Pretty much anyone with a couple of hours in transit can go and check out Istanbul, the most beautiful major city in the world ;)
I think Turkey has had zero fee visas for the Schengen states for years now. Not sure if they need visas at all now with this whole refugee deal, but even when they did there was no charge. The UK doesn't charge them for visas, I've seen this on UK visa forms. Ireland is not part of schengen since it's not contiguous with the mainland and a UK visa doesn't get you into ireland (unless you're willing to fly to Northern Ireland and sneak over the soft border). That's why Ireland is the only one that stands out within the EU - all the mainland countries are schengen states and UK doesn't charge. I don't know the politics about why Ireland charges the Turks.
Turkey lets people from India, Pakistan etc in without an advance visa when they're flying through istanbul as long as they have a proper visa for an OECD country. They kinda outsource their visa checks to the first world :) Dubai and middle eastern countries charge a lot for a 72 hour transit visa and there's not much to see there other than conspicuous consumption.
US, UK, Canada etc all pay a reciprocal fee in Turkey also.
I totally agree about your comment about Ataturk aiport. I love that lounge. The turkish delight, the food, the transit sleeping rooms, the cinema, the billiards table and golf simulator. It really is great. Dubai has great first class lounges but the business class lounge is very crowded.
Turkish Airlines story is actually the story of Turkey: Vibrant, energetic, entrepreneurial, young and determined. Let me also add respectful.
Both are making sure that any relationship that they forge is mutually beneficial and seeing eye to eye.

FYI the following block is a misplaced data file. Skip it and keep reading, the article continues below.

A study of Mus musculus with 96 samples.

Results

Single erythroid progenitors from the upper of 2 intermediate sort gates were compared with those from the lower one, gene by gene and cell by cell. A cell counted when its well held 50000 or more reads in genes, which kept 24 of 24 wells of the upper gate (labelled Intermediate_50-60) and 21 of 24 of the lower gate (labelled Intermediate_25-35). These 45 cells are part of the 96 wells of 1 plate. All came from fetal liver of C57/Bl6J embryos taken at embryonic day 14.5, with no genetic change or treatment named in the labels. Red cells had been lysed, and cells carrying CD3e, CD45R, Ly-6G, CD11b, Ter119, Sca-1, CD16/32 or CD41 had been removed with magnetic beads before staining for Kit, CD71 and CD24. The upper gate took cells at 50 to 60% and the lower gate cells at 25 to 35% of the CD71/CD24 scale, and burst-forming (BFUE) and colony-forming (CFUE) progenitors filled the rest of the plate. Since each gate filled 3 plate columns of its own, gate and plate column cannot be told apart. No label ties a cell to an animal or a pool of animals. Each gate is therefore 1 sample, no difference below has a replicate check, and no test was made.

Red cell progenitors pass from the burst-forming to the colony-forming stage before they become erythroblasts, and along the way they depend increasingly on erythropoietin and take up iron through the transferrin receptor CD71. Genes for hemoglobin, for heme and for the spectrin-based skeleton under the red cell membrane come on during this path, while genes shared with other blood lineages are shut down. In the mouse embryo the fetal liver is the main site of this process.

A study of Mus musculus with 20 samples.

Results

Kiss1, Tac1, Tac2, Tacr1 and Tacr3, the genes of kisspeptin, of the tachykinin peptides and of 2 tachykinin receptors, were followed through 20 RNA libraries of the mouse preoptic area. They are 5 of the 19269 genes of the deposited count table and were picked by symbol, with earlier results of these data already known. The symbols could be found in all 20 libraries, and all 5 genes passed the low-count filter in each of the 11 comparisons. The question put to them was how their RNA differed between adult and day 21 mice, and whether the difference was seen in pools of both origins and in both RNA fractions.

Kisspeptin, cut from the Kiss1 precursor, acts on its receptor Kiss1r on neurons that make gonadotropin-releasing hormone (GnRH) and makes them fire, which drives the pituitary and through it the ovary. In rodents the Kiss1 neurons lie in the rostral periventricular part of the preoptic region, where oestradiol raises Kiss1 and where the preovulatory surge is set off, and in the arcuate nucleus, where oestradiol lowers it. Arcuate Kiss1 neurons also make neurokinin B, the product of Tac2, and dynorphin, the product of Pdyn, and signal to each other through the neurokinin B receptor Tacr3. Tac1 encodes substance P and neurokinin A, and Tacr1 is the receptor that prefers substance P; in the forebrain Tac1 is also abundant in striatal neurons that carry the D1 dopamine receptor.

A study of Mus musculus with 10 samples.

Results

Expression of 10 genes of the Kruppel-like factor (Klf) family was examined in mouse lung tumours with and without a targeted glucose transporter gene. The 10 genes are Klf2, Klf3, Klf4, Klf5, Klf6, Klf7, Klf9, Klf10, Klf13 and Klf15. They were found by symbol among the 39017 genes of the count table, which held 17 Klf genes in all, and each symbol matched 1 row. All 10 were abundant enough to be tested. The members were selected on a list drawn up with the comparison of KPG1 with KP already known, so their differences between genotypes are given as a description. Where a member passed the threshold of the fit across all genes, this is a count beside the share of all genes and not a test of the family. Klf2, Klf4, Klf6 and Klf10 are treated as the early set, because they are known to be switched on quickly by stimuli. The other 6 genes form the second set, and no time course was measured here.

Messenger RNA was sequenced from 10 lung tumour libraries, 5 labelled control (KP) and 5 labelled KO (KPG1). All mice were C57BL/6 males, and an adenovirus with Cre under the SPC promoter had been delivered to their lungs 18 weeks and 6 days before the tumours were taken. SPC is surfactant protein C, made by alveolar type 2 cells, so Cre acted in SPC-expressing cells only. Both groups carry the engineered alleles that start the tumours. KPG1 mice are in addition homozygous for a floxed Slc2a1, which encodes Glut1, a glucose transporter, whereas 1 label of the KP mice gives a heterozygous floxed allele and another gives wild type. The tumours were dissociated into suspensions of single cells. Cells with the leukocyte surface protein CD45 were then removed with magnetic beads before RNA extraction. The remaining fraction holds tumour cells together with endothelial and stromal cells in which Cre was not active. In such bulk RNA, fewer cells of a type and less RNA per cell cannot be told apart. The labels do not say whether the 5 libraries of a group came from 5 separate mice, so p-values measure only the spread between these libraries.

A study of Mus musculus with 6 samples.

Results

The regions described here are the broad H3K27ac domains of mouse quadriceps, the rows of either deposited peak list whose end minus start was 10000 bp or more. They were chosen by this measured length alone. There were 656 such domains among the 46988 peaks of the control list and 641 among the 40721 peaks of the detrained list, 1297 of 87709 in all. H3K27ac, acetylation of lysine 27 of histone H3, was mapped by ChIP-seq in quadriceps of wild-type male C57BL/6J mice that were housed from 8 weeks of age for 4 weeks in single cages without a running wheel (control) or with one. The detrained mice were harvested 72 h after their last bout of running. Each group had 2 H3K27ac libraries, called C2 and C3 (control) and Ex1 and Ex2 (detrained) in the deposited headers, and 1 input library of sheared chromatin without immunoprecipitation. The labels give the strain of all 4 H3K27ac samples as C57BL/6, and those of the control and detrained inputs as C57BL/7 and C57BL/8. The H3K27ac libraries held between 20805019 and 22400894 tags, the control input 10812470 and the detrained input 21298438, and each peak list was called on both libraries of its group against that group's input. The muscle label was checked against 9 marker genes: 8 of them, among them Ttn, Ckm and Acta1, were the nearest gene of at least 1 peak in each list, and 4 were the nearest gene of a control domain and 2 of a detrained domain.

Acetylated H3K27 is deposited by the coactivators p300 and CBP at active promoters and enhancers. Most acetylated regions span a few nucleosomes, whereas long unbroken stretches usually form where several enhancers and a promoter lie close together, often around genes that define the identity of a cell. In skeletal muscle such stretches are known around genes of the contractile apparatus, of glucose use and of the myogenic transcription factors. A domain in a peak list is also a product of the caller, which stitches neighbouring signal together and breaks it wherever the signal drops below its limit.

No wonder the crises of the last decade: soft/hard coup attempts, wars in surrounding countries, terrorist attacks, hidden embargo and depression of the global economy did nothing but made both an extremely resilient force that has no par.
Despite this colonialist trash's repeated quack assertions, both did not die but are stronger. TE, however, should jump on the bandwagon before it becomes a laughing stock in media circles.
Must be a reciprocal fee?
Turkish soap operas are intriquing the World during the past decade.
As long as Turkish soap producers pump out fascinating novelas,
more foreigners will visit Turkey and Turkish Airlines will keep growing.
Lets not forget that the Turkish Airline planes are new and the airline crew is young,
beautiful, energetic, and very friendly.
I am not Turkish, have never lived there, but have followed developments out of the country for over twenty years.
What never ceases to amaze me about Turkey is how resilient it is as a country. Only a year ago, the country was being pounded by terrorist attacks, a failed coup and a tanking economy.
Now we are talking a tourism revival, the world's biggest airport, one of the fastest growing airlines, and even a GDP growth rate of up to 7 percent ( 11 percent ) in the last quarter.
Turkey never fails to be a fascinating country to follow.
you are correct - just checked and it is, embarrassingly, twice that ($60). There is clearly a story behind this, as its the only EU/EEA exception
I transit through that region 10-12 times a year. In terms of preference of airline it would be Etihad or Emirates, with Turkish very much the poor relation, in terms of customer service in-flight comfort and in-flight entertainment. However Istanbul airport is a lot easier (though not easy) to handle and has the best business class lounge (well laid out, ample seating and a more interesting array of food-pods).
I would agree that the staff seem more genuine/natural in their interaction, though this makes them a little more laid back about safety issues, which, given Turkey's terrorist history, gives me momentary pause before boarding their flights.
A decade ago I lived in Dubai, and found it was quicker, time-wise, to drive to Abu Dhabi ( though it is 145km away) as the airport was smaller and more informal. That is sadly no longer the case.
except the Irish, who alone in the EU have to pay $30 for the privilege.